Monthly Archives: March 2014

Richard Fortey’s secret tour of the Natural History Museum

Some years ago, the writer and scientist Richard Fortey took me on a tour of his favourite items in the Natural History Museum. His book, Dry Store Room No 1, is one of the best books I’ve read about London museums.

1 ‘This is the collection of all known species of humming birds which I used as the cover for my book. It goes back nearly 200 years to the earliest days of natural history as spectacle. One of the amazing things is that the colours, the iridescent feathers, have survived so long. You can even see the tiny eggs, with the appropriate egg in it. This whole bird gallery is a survivor to the old days of the museum, preserved almost apologetically as an example of the classic gallery, but a lot of people still stop and look at it even though it’s just stuffed birds.’

Pregnant ichthyosaur fossil showing three skeletons of young inside her bodys 2. ‘This one of the great sea dragons, an ichthyosaur, a marine reptile. This one is particularly beautiful and informative because within the body cavity you can see here outlined in red, the remains of other smaller individuals. The question originally was ‘were they cannibals or did they give birth to live young’ and the answer is almost certainly the latter. These animals are very like porpoises and almost certainly lived the same way, gregariously and pursuing a very fast life that gave them no time to sit on eggs. But this is very easy to miss.’

45 NHMX 4597.jpg

3 ‘The building itself. You can choose anything from the various animals and birds that adorn the interior. Even the pillars are based on the bark of trees. On the whole, the building moves from living to fossil as you go from one end to another and that is true also of the animals portrayed. In the mineral gallery, right at the end above a door on the left is a dodo. I also think that one of the monkeys has been made to look a little like Darwin.’

4. ‘The mineral gallery has probably changed the least since my early days and it’s also the least visited. It’s a classic systematic approach where all the minerals are laid out in cases arranged by chemical composition, so you could come here and learn some serious mineralogy if you started at one end and worked your way through. At the end, in the Vault, where particularly precious minerals are displayed, is something  called bournonite with black wheels shaped like cogwheels. This came from a Cornish mine that has since closed so this is really the only good specimen that will ever be found with this particular chemical composition. It’s now extremely valuable because the rarer something gets, the more valuable it becomes.’

5. ‘The blue whale, it might be obvious but it is remarkable. For a while, during the war, some people working here kept an illicit still in the belly of the whale. So even with the best-known exhibit, there are secrets to be had.’

The Natural History Museum's table tops

6. ‘Finally, head for the geology section in the mezzanine level. This used to be an old-fashioned museum in its own right but now it has been changed and in making space they only put back about ten per cent of the specimens. Each one is individually highlighted so it doesn’t give you the systematic overview or leave room for the quirkier items. But this table is still here. It’s a collection of North European ornamental stones all made into one table. You can even make out fossilised nautiloids of around 450 millions year in some of them, and also fossilised coral. There’s no label for it, nothing to say what it is and where it came from. You and I are probably the first people to have stopped and look at this for several weeks.’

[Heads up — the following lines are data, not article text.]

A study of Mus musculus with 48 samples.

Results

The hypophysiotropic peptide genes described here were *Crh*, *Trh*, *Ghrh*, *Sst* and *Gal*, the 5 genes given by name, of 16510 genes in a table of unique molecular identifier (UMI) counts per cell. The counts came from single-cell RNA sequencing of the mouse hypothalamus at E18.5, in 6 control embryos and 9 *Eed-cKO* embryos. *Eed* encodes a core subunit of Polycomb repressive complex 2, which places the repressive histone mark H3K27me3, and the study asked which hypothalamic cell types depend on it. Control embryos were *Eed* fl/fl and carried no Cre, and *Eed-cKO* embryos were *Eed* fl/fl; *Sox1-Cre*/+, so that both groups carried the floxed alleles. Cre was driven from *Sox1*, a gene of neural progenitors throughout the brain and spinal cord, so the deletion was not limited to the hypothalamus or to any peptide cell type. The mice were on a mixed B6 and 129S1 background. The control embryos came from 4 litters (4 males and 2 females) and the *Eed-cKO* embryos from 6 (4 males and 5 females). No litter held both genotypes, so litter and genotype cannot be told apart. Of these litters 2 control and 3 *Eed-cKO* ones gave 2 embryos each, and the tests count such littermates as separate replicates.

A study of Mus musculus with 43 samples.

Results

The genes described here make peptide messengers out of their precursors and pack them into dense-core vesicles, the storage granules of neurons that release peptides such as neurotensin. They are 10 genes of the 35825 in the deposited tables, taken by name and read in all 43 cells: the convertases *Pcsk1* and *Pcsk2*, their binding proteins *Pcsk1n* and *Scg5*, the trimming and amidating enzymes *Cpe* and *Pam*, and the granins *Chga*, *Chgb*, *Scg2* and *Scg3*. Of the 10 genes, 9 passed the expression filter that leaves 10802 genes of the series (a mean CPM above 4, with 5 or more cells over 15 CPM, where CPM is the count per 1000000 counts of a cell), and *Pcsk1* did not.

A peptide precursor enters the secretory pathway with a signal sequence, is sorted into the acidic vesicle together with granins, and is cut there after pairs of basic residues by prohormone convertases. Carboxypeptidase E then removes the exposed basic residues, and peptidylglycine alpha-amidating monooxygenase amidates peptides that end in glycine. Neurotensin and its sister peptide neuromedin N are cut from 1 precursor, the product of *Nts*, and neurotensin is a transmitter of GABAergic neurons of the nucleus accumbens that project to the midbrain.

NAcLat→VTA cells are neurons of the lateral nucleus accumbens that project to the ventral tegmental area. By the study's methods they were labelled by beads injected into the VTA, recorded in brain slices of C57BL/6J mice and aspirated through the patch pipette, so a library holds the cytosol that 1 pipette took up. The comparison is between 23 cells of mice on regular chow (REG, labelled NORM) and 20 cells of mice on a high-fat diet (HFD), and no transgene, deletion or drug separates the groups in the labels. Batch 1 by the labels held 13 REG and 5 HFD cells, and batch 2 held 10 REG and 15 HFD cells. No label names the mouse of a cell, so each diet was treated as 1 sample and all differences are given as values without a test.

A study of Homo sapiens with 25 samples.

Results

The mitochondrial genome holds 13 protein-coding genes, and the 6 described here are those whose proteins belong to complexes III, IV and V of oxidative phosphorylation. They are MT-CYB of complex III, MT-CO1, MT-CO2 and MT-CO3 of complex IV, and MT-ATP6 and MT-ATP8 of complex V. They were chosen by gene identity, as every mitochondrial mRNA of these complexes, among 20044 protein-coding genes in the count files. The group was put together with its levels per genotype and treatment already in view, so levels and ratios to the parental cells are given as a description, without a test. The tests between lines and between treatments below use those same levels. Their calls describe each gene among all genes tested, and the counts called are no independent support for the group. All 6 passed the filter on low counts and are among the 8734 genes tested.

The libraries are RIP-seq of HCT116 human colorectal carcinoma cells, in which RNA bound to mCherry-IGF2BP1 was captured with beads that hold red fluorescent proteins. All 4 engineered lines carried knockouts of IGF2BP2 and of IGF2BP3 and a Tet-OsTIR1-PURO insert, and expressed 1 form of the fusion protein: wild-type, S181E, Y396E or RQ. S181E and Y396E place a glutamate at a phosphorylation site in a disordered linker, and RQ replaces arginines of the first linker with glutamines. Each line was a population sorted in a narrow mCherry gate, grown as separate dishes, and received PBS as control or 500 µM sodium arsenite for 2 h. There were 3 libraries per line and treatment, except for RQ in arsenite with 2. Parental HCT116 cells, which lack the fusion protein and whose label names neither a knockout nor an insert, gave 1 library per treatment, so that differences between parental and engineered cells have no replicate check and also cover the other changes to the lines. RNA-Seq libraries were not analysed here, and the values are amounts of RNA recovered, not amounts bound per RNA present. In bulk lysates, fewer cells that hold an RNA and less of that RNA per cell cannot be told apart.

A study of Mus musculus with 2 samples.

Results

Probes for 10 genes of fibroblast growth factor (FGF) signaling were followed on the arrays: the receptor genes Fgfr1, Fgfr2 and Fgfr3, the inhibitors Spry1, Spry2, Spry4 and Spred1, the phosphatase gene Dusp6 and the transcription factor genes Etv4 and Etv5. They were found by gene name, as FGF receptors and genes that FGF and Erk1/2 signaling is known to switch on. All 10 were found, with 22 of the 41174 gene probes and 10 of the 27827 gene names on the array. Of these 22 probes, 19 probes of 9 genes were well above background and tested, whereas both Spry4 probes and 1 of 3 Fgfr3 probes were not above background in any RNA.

London: ale and hearty

I like beer, but I do not fully understand it. By which I mean, I vaguely understand how it is made and I know how much of it I can drink (less with each year), but while I know fairly quickly whether I do or do not like a particular beer, I am never entirely clear exactly what it is I like about it. Is it the hoppiness, the finish, the strength, the, I dunno, malt? Search me guv.

I took this ignorance with me when I interviewed Evin O’Riordain, owner of the Kernel Brewery, at his microbrewery in Bermondsey. Evin is an intense fellow. In lots of ways he reminds me of people  who run independent music labels, absolutely committed to a certain ethic, a particular way of doing things, not because it is easiest or will bring the most rewards, but because it is right. Indeed, Kernel’s stark labels even remind me of Peter Saville’s Factory Records sleeves.

Electronic Beats - Kaufen: FACT 14

Evin talked me through his brewing philosophy, lubricating his lecture with samples from his stocks. We tried a session ale, an IPA, a porter, a stout and a saison. Evin told me about each style’s particular history – how it came to be brewed, who it was originally for – and then explained Kernel’s sophisticated fundamentalist take on it.

It was a very pleasant afternoon.

Photo by Josh Shinner.

The result of that chat with Evin, and four other London brewers (none of whom actually come from London), can be seen in my piece on London’s brewing renaissance in this month’s London Magazine.